The Committee for Medicinal Products for Human Use (CHMP) of the European Medicine Agency (EMA) has recommended granting conditional marketing authorization (CMA) for Boehringer Ingelheim’s spesolimab as a therapy option in adults with generalised pustular psoriasis (GPP) flares.
Based on the data from the Phase II EFFISAYIL 1 clinical trial of spesolimab in patients with GPP flares, the committee provided a positive opinion.
The 12-week trial analysed 900mg spesolimab administered intravenously versus a placebo.
After a week of treatment, 54% of patients in the spesolimab arm had no visible pustules versus 6% in the placebo arm.
Following 12 weeks, 84.4% of the subjects had no visible pustules while 81.3% had clear/almost clear skin.
Additionally, adverse events were observed in 66% of subjects who received spesolimab versus 56% in the placebo arm after a week.
A new humanised, selective antibody, spesolimab hinders interleukin-36 receptor (IL-36R) activation.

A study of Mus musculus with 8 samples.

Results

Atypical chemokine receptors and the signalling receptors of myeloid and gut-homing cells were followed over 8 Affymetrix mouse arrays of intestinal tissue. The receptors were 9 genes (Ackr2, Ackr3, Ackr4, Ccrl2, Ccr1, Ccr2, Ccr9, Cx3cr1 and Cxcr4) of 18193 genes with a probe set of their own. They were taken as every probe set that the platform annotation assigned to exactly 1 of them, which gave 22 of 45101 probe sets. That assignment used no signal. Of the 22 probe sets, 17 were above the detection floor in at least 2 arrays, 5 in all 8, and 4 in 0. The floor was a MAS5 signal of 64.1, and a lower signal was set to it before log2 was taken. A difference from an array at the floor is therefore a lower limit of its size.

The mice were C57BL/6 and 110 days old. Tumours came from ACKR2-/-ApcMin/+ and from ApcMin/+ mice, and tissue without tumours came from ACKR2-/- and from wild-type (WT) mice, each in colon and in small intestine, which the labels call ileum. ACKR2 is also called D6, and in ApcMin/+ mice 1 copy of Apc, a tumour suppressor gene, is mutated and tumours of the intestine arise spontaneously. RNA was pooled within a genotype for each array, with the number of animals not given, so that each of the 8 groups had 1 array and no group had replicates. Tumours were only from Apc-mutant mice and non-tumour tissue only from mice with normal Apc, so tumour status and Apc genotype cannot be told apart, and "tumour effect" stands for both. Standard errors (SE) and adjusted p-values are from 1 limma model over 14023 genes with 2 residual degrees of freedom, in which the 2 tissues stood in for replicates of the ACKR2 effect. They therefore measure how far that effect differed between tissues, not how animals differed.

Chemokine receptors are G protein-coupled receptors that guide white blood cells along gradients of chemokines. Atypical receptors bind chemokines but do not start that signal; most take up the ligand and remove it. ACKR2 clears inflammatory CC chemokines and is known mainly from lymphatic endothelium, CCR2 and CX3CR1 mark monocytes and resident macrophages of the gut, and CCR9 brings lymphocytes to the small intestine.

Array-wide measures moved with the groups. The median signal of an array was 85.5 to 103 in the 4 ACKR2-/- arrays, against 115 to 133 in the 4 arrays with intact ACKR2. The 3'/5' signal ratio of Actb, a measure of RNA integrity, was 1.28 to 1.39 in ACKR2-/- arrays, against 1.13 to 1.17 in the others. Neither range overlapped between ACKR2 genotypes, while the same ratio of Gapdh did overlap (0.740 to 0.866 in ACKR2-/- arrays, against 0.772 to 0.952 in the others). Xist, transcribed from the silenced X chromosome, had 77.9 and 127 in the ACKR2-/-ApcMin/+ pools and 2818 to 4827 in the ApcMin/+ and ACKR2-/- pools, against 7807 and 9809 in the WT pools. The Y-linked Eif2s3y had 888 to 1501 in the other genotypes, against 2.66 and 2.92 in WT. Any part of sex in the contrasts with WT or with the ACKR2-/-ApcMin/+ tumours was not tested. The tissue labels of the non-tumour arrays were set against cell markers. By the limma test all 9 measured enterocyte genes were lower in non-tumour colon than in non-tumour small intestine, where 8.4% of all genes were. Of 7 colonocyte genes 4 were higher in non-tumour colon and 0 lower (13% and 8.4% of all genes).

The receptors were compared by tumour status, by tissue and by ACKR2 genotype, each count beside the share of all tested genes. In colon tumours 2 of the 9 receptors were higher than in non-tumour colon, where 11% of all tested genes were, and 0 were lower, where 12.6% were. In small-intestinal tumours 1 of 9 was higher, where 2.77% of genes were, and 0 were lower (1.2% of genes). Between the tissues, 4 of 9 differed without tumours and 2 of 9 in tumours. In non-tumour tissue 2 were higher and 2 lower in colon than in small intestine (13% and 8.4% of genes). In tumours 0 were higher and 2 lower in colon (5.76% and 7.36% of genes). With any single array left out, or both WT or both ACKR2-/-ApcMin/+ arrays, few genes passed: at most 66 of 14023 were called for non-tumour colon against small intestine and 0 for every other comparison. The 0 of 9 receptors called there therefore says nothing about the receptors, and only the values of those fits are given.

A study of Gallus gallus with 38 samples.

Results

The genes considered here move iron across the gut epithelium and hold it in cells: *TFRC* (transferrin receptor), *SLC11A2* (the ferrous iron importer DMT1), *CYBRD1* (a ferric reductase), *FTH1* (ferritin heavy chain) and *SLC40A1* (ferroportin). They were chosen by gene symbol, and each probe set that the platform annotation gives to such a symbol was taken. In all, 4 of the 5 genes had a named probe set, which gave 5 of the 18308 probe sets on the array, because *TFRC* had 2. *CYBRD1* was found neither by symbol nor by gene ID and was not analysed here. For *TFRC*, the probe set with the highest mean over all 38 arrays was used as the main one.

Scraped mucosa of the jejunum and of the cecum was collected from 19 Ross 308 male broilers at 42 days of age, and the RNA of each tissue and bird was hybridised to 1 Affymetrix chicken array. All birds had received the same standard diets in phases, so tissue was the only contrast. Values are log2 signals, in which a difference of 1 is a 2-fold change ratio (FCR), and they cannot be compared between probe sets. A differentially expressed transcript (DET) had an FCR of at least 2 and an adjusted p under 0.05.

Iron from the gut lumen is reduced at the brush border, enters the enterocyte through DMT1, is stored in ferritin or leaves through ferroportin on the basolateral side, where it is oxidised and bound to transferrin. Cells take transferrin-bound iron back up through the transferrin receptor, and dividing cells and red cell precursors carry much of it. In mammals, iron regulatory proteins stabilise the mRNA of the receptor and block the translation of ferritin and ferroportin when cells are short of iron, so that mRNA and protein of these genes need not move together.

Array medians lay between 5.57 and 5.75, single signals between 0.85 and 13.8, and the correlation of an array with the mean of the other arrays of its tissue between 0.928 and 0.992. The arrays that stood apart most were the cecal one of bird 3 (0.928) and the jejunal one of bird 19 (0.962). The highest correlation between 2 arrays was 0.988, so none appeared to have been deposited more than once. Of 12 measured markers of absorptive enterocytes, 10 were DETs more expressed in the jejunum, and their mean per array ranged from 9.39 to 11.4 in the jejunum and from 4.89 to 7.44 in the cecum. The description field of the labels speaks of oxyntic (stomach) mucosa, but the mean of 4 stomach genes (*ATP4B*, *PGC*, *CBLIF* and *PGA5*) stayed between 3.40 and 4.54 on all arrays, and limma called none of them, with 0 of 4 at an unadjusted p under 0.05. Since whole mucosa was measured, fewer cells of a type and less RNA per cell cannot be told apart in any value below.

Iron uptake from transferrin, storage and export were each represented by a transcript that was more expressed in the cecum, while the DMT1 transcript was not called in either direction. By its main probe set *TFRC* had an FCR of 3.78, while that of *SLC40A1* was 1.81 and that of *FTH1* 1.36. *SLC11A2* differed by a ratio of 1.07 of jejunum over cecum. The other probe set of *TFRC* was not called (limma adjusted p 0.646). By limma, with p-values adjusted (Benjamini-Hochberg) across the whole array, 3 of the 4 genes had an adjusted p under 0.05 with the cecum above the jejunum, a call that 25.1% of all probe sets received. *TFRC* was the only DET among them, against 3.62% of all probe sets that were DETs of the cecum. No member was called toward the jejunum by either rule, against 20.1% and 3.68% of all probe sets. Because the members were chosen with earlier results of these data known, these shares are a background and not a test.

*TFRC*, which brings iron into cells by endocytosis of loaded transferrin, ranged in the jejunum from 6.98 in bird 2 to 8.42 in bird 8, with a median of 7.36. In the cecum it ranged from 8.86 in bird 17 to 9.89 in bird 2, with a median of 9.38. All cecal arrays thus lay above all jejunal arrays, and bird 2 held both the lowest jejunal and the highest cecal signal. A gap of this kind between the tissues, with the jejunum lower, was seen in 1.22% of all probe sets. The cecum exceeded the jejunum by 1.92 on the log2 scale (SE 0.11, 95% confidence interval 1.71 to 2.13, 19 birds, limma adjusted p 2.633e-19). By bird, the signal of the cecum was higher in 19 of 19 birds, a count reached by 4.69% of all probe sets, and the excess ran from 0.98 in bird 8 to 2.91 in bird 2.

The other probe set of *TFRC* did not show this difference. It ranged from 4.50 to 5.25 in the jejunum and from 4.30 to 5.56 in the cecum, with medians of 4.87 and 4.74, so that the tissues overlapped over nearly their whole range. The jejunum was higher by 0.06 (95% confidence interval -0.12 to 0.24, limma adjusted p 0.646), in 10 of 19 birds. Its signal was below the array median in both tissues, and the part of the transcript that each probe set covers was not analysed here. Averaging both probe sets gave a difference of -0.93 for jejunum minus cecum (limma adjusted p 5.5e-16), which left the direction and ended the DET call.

It is marketed as Spevigo in Japan and the US.
Apart from GPP flares, spesolimab is being analysed to treat other neutrophilic skin ailments.
Boehringer Ingelheim Human Pharma head Carinne Brouillon said: “This positive recommendation recognises spesolimab’s potential as a new targeted monoclonal antibody that could treat the underlying cause of GPP.
“The accelerated development of spesolimab underscores our continued commitment to developing faster and more novel treatments for people with high unmet medical needs.”
A rare, heterogenous and fatal neutrophilic skin ailment, GPP is caused by the build-up of neutrophils in the skin.
The neutrophil accumulation leads to painful, sterile pustules in the body.
In October last year, the EMA agreed to review the company’s marketing authorization application for spesolimab to treat GPP flares.